The isotope ratios of chemical elements in natural rocks and cultural-historical artefacts can vary. One reason for this is the radioactive decay of unstable isotopes, for example rubidium, uranium or rhenium, which leads to variable isotope compositions of strontium, lead or osmium. On the other hand, stable isotopes are also separated from each other due to their mass differences in the course of physical (diffusion, vaporisation), chemical (smelting, oxidation, reduction) and biological processes. Such processes are of great importance both in the production of cultural-historical objects (metals, alloys, slags, ceramics, glass) and during the formation of their source materials (ores, minerals).

They give the reaction products a specific isotopic fingerprint. This may contain two pieces of information: firstly about the nature of the element source and secondly about the transfer process from the source to the reaction product. The isotopic fingerprint in the respective materials can then be used to answer questions regarding origin, production technique or authenticity.

The measurement of stable isotope ratios to answer archaeological questions is in its infancy, and details of isotope systematics have yet to be explored. A single isotope system often does not provide a clear fingerprint for the determination of origin, as deposits themselves can have large variations in isotopic compositions. Hypotheses can be tested by integrating additional data from other isotope systems, other geochemical methods or from the historical sciences. CEZA has state-of-the-art analytical equipment, extensive databases and natural scientists at its disposal to advise on and interpret the analytical data.


Copper has only two isotopes and the materials studied are characterised by the isotope ratio 65Cu/63Cu. The behaviour of this element is controlled by its siderophile and chalcophile properties in both geological and archaeometric contexts. In archaeology, the use of copper has been known since the Neolithic period, when it was initially used in its pure form, i.e. as a naturally occurring metal (natural copper). Since the Chalcolithic period, copper ores have also been smelted and used to produce copper alloys such as arsenic or tin bronzes. With the help of the isotopic fingerprint in the respective materials, questions regarding origin or production technique can then be answered.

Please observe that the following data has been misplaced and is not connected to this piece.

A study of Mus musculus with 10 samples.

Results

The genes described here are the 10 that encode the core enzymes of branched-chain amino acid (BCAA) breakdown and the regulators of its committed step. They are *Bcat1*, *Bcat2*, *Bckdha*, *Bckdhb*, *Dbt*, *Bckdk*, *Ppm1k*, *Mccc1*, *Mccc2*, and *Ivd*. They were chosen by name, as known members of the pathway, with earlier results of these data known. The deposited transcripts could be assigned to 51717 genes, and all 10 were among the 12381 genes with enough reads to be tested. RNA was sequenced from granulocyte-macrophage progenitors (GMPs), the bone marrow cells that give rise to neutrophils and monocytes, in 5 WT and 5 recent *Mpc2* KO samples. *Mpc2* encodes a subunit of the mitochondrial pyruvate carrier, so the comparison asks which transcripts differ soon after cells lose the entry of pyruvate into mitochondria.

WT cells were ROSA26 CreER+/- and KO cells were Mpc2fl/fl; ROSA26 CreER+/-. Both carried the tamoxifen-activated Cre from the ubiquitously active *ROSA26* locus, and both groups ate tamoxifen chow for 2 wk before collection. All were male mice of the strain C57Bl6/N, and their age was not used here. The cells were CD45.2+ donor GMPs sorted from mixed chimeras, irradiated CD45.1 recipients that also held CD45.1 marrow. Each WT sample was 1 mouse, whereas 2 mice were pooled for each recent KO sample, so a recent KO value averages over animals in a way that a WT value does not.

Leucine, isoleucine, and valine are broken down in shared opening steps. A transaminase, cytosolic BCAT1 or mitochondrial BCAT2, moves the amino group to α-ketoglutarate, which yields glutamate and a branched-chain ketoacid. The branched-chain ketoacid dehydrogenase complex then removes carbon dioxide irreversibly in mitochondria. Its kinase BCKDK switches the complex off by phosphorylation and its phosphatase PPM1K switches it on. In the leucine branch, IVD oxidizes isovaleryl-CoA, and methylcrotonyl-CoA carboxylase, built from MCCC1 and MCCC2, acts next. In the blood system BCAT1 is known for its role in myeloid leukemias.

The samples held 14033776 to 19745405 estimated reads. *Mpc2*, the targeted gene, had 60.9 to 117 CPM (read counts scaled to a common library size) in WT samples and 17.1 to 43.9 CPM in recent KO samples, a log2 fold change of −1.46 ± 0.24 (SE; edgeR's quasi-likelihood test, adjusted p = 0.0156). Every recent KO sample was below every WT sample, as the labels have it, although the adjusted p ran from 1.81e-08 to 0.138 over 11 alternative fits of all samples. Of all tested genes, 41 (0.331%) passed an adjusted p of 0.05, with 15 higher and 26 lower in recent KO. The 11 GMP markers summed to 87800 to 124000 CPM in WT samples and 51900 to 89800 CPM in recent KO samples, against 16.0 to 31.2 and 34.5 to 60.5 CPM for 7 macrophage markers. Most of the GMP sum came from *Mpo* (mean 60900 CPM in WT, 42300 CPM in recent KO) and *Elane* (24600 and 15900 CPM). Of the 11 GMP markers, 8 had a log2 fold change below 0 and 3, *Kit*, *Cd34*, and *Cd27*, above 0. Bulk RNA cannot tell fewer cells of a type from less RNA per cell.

The element can take on several oxidation states, with the result that its mineralogy and isotopic composition is very complex and depends heavily on the processes and environmental conditions. Copper deposits form over a wide temperature range from magmatic, hydrothermal to sedimentary and under reducing to oxidising conditions. This complexity is reflected in the great variability of the isotopic composition of copper deposits. Individual deposits can therefore not always be significantly differentiated and the copper isotope ratio can often not be used as the sole criterion for determining the origin.

However, there are clearly measurable differences in the copper isotope composition of various archaeological objects. These indicate the use of different raw material sources. The isotopic fingerprints can then be used to confirm or rule out the affiliation of individual objects or object groups, which in turn would help to interpret cultural relationships. Furthermore, in combination with elemental analysis, it is possible to distinguish between intentional and accidental alloys or to recognise mixtures of different types of metal.

CEZA offers to determine the isotope ratios of copper in minerals, copper ores and smelting products such as copper metal, bronzes and slags.

Sample composition

The sample size depends on the element concentrations in the sample, which can be very variable! For metal samples (bronze, silver, gold, tin) or cassiterite, we recommend a sample size of 50 mg. From a purely technical point of view, 1 mg or less may be sufficient. However, this small quantity raises the question of the extent to which it is representative of the total sample and whether the analysis results can be interpreted meaningfully. Representative sample quantities of copper, tin and silver ores should be at least 0.5 g, as such materials are very heterogeneous by nature.